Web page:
MySQL MyISAM table lock issue
MyISAM is one of the fastest storage engines out there. It lacks a lot of things some might consider cruicial but it's good enough for most of us (Using MyISAM in production) not lucky enough to be into banking business.
Designers of MyISAM made a few corner stone decisions: use table level locking and throw out transcation support.
Table locks are by their words the fastest method of doing things in a general public relational database. What this means is that we can expect some very problematic behaviour at times.
We recently had a profiling case that involved troubleshooting a centralized DB solution with 10 web worker PHP-FPM/Nginx machines. The app was running fine most of the day and occasionally it just got stuck for like 30 seconds and nothing was being able to load. We narrowed the problem down to the database server (as usual) but it still seemed weird enough. Database server was giving them high I/O for months but since the machine was quite powerful (16x 2.4Ghz SSD RAID MySQL dedicated server with 50 Gigs of RAM) they got away with it until now. They've ruled out the backup process. (Check this out for a great resources on how to use LVM to backup MySQL consistently (here and here)
Recently however the machine started experiencing frequent hiccups leading them to belive it was a hardware issue having to do with faulty disks or SSD stuttering. After ruling the impossible out we turned back at the code. It turned out we were having a classic table locking issue.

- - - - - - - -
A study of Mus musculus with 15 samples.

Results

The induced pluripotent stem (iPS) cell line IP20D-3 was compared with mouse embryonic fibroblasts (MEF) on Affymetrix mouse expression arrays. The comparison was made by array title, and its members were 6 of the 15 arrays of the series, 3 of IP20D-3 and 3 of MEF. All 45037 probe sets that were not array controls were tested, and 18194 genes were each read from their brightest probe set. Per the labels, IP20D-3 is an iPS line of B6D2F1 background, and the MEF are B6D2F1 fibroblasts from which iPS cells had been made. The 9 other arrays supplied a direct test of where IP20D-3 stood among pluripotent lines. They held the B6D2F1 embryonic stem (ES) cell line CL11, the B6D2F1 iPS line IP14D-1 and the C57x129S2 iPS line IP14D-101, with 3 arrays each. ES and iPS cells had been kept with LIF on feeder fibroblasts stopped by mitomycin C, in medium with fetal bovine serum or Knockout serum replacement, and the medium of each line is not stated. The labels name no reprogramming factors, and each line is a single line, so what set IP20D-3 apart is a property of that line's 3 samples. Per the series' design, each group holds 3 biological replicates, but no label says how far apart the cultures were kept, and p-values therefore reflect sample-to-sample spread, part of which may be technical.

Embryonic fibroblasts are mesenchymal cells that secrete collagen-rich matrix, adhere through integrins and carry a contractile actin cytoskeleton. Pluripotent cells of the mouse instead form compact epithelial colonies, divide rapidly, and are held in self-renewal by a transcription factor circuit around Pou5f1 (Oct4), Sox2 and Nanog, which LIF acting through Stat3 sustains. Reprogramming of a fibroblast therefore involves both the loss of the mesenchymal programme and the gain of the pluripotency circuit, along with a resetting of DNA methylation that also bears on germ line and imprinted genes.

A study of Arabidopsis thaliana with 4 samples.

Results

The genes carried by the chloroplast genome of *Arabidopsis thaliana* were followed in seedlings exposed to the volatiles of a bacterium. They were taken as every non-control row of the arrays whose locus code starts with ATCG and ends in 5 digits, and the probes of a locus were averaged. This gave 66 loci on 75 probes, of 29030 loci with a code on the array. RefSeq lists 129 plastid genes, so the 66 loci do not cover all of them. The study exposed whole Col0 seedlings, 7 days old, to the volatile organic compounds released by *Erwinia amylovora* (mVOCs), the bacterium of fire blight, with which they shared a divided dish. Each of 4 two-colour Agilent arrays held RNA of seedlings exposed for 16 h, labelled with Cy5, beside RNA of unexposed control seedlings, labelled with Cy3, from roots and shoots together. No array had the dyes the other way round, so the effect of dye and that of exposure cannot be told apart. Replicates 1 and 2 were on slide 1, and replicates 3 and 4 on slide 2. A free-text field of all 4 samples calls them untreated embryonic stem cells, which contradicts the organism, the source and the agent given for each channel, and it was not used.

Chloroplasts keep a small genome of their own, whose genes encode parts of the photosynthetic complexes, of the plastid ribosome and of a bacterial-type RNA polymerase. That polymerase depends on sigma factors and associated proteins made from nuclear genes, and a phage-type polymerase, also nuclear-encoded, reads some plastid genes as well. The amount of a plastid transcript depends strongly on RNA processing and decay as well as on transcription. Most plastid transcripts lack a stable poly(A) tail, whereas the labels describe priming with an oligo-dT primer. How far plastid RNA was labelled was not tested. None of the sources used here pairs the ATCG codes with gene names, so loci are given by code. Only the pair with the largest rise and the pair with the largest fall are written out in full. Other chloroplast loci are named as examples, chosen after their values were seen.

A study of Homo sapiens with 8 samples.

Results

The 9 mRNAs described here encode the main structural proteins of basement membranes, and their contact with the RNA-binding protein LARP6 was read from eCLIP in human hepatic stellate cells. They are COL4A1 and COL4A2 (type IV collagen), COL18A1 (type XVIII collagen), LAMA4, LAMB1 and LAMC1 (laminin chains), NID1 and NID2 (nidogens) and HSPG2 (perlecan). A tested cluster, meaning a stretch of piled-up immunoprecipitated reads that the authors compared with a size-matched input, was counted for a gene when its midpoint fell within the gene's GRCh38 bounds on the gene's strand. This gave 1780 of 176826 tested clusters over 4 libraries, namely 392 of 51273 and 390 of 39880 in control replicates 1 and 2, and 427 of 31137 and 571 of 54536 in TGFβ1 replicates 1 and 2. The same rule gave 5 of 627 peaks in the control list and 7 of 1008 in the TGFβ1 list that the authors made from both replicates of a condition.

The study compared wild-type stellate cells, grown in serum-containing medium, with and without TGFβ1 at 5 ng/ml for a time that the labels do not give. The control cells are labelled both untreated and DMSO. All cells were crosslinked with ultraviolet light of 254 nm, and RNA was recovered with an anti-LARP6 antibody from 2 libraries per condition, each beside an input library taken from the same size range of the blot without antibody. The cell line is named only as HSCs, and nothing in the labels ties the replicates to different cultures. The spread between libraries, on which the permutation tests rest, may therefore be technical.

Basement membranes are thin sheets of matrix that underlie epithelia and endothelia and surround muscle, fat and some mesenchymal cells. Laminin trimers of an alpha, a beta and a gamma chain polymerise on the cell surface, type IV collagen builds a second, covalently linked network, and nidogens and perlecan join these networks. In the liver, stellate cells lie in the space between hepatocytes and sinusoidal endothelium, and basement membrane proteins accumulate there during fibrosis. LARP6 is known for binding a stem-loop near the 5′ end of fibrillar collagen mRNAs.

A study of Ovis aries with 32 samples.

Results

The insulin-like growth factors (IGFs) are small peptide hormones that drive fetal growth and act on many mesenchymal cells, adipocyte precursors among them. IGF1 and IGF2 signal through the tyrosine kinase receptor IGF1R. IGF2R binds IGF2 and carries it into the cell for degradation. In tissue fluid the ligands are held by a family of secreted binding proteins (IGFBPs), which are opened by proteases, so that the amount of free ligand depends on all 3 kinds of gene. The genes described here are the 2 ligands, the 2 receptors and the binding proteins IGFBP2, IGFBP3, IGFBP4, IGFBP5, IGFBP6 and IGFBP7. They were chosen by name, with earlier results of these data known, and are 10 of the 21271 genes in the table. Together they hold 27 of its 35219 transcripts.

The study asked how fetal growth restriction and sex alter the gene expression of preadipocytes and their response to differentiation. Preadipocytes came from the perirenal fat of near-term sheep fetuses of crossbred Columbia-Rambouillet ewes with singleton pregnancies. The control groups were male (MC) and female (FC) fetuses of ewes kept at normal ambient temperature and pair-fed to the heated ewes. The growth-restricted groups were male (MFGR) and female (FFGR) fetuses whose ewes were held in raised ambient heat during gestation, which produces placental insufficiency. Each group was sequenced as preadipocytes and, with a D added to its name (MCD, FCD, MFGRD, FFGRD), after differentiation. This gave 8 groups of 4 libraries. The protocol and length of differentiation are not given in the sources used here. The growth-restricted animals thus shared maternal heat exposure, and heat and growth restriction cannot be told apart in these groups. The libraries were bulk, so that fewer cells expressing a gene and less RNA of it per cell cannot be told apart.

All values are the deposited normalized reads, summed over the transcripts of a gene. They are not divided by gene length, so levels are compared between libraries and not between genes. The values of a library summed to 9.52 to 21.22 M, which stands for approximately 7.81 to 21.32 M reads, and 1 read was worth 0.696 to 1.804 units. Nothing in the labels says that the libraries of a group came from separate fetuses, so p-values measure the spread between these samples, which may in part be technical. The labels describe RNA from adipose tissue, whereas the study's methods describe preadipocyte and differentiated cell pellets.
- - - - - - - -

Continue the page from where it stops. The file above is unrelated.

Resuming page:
We had a table of millions of records being constatly read and written to (SELECT and INSERT). And all queries were working out great. Except that sometimes an INSERT took about 30 seconds to complete!!! Blocking INSERTs were the key discovery that lead us to isolating the problem. After doing a SET profiling=1, then a "slow" INSERT, and SHOW PROFILE it turned out that the 30 seconds freeze was in fact 99% due to a table locking issue ( Table lock | 34.200235 ). We did a bit of googling and found no tools for MyISAM deadlocks as they exist for InnoDb so we were basically left on our own.
We did a quick look at the mysql-slow.log looking for long running queries. Turned out that an old xxxxxx xxxxxxxx developer had made s huge SELECT and then fetched millions of rows processing them on the application side. To make things worst that SELECT contained a non-indexed ORDER statement that caused the query to take some time. And due to table level locking no write (INSERT) statement was allowed to run until the read (SELECT) query is finished. As it turns out that beautiful table level locking scheme has did us a bad joke. Everything was running fine when only a few rows were SELECTed but now that rare SELECT was shutting us down every 30 minutes.
See the most probable causes of locking issues here: MySQL Table Locking Reference
And if you care for a better explanation just visit Mysql Lock Contention.